Editor’s Letter: Websites – Your first impression
Heading to the Web to check out a new restaurant, museum, zoo or just about any other business prior to trying it is commonplace in today’s society.
We want an idea of what we’re getting into before expending the resources needed to actually visit the location, even if the time and monetary commitment is only minimal.
If that’s the case for casual, non-binding endeavors, just think of the online research diligent entrepreneurs do before even inquiring with another party about entering into a sales arrangement.
The first place people visit is usually a company’s website, Facebook page or both.
That is why I was taken aback by how many product vendors and distributors I spoke with at the NY NOW marketplace, which took place in early February, and who seemed to have a rather aloof attitude when it came to their company’s website.
I heard things like we don’t do a lot with our website,” and “we’ve been meaning to have it revamped.”
A poorly organized, neglected or out-of-date website has the same effect as sending a haphazardly dressed and unprepared sales representative into a meeting with a potential business partner — you may still wind up reaching an agreement, but you’ll have to overcome an avoidable poor first impression to do so.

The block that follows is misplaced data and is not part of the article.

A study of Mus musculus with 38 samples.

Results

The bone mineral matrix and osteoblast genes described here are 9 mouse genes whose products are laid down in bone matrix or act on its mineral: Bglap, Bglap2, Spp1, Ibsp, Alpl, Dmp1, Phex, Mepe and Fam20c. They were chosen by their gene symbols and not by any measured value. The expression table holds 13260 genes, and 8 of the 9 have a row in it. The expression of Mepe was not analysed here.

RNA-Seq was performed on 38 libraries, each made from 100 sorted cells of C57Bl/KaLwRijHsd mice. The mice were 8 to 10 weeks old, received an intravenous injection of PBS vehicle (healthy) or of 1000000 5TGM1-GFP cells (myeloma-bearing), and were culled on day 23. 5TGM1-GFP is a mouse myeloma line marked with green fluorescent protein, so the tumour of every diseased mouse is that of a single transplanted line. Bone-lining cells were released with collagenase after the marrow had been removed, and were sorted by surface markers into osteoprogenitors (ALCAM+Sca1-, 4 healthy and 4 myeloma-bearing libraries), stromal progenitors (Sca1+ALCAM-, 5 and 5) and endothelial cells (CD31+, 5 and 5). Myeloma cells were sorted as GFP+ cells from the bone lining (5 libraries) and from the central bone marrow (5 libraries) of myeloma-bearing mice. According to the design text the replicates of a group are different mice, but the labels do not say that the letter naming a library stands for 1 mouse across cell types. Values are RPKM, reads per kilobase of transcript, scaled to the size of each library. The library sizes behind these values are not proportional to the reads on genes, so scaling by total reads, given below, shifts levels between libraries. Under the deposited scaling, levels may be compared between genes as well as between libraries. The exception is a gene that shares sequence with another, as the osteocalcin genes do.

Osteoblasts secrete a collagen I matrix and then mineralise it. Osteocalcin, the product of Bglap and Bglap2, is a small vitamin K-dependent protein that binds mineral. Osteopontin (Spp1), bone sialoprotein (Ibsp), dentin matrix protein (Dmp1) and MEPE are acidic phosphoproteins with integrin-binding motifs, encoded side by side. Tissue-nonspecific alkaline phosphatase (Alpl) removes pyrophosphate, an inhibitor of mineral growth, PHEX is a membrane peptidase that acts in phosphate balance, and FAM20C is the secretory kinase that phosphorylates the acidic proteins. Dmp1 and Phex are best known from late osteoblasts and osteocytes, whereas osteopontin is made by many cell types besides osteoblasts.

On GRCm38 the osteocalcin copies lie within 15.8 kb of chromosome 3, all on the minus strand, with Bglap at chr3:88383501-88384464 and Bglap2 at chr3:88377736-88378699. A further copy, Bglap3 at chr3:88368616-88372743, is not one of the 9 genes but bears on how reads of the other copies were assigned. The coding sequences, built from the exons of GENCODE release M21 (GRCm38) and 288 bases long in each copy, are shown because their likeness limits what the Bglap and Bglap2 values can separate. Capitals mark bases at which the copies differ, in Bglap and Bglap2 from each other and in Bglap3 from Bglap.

It’s dangerous to take the “I prefer to do business face-to-face” approach with regard to your website. Don’t get me wrong — noting can duplicate personal interaction. However, a poor website experience can easily result in that personal interaction never taking place.
Whether looking to purchase products to sell in our store or for personal use, we’ve all visited websites when not only did we not find what we’re looking for, but also struggled to find a current phone number or email address to seek more info. More often than not, visitors take a bad website experience as an omen for a poorly organized business.
You don’t need the most eye-popping or visually impressive website for it to be effective. However, you do want it to present show organization and professionalism to those interested in your business (don’t use Comic Sans font or low-resolution pictures taken on your flip phone). There are plenty of website-building resources out there, online and otherwise.
Like with advertising, how much you opt to spend developing and maintaining your site is ultimately up to you, but a website and even social media accounts should be considered necessities for small businesses.
Until next time,
P.S. — Do you have any stories to share on what has or hasn’t worked for your website? Email firstname.lastname@example.org.